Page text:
Jan 21 2013 14:15
Johannesburg - First National Bank will terminate its relationship with any entities on the United States Treasury's list of organisations targeted for economic and trade sanctions, it said on Monday.

This was in response to a question relating to its plan to close the account of the pro-Palestine Al Aqsa Foundation of SA (Aafsa), which said it supported more than 1 000 orphans in South Africa every month.

"FNB would have and will take the same decision with regards to any [Office of Foreign Assets Control] OFAC listed entity," said FNB commercial banking CEO Michael Vacy-Lyle.

The issue arose when Aafsa questioned the banking group's plan to close its account on March 31 this year because it was on the list.

According to Aafsa's website, the list enforces "economic and trade sanctions based on US foreign policy and national security goals against targeted foreign countries and regimes, terrorists, international narcotics traffickers, those engaged in activities related to the proliferation of weapons of mass destruction, and other threats to the national security, foreign policy or economy of the United States".

Aafsa said that in the course of trying to resolve the issue, the bank had told it it had done nothing wrong.

Aafsa said it was a legal, non-profit organisation registered with the social development department and was compliant with the SA Reserve Bank.

It said FNB claimed it was not compelled to subscribe to global networks which refused to trade with organisations on the list.

"However, they asserted their choice to close Aafsa's account was based on possible financial losses and international isolation from these networks should they continue their relationship with the Aafsa," the organisation said.

Aafsa said it had shown the banking group that its name and that on the OFAC list were not the same. The bank had said it should get legal advice on the assertion of mistaken identity.

It said FNB had said it would change its decision if a case of mistaken identity was proved. It agreed to approach the SA Banking Council about this, because the situation might arise again with other organisations, and it needed to know how to deal with the matter.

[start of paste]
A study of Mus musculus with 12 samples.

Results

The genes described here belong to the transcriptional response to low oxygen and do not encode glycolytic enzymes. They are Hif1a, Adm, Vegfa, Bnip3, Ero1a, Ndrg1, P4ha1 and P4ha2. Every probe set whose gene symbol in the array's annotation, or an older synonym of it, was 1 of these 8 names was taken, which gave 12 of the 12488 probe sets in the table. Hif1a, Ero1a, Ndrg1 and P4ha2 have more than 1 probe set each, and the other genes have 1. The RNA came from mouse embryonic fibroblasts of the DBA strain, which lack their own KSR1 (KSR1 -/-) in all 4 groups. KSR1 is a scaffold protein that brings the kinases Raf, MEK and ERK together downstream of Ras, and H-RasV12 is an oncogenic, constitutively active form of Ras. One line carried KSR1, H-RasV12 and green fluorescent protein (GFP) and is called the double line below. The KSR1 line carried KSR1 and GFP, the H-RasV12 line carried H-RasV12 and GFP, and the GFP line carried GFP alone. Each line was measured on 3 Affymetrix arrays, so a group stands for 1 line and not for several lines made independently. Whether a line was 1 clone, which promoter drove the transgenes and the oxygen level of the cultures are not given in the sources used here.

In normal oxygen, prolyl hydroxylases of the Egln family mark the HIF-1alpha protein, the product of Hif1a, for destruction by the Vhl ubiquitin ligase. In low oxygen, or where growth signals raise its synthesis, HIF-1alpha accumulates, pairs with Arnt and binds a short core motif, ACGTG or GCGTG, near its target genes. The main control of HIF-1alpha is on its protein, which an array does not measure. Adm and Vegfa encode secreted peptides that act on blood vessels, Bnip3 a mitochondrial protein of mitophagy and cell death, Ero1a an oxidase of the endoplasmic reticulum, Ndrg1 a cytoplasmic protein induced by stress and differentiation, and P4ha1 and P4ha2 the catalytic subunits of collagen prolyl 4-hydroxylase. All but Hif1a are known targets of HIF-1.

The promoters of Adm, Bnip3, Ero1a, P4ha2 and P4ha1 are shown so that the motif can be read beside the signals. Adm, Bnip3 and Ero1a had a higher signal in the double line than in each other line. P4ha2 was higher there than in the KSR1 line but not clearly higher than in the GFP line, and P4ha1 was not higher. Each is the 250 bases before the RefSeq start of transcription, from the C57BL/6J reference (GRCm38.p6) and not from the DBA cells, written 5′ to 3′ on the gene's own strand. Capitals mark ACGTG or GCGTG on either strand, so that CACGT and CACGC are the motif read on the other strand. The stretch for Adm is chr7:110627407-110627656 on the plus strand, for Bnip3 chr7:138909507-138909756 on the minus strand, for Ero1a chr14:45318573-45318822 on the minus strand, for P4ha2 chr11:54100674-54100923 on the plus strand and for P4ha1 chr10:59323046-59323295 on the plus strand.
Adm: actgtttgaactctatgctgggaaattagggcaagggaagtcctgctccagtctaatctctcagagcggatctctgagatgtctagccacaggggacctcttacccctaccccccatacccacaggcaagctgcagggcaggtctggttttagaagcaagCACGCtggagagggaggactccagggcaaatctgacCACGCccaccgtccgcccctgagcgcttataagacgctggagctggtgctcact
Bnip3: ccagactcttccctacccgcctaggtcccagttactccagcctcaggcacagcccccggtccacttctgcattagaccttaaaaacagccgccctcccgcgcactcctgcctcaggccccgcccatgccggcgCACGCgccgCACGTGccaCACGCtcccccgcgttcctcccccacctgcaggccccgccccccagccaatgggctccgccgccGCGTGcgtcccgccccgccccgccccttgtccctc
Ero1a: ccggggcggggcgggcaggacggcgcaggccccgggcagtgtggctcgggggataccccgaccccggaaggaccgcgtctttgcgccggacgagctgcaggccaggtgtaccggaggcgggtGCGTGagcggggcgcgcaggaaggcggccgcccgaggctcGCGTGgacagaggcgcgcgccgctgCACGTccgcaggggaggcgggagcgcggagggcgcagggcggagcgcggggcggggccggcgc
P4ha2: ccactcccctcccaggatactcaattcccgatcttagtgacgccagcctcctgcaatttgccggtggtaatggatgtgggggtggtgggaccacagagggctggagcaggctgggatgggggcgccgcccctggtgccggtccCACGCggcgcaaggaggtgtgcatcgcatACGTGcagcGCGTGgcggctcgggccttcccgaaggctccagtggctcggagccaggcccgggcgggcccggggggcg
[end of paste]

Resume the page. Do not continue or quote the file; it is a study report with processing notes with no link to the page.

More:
"Despite the agreement to further investigate the matter, the bank has refused to extend its 31 March deadline for the permanent closure of the Al Aqsa Foundation of South Africa's account," it said.

Aafsa had limited transactions, with no withdrawal facility and believed no other bank would open an account for it in South Africa.

"This will force a reputable, decade-old organisation that supports 1 500 orphans every month to shut its doors, thus terminating the only lifeline these children have," it said.

Vacy-Lyle confirmed the decision to close the account.

"It has come to the bank's attention that the foundation is expressly listed by the US Department of Treasury, [OFAC] and other international sanctions lists. The listing of the foundation has been verified with reference, inter alia, to the addresses contained in the listings documents.

"The international financial community impose stringent obligations in respect of the maintenance of banking relationships with entities listed by OFAC, and the decision by FNB to terminate its relationship with the foundation is a consequence of this fact alone," he said.

The account would be closed with reasonable notice.

On its website, Aafsa describes itself as "providing for the religious, cultural and social needs of the poor and needy Palestinians living within the West Bank, Gaza, Lebanon and Jordan".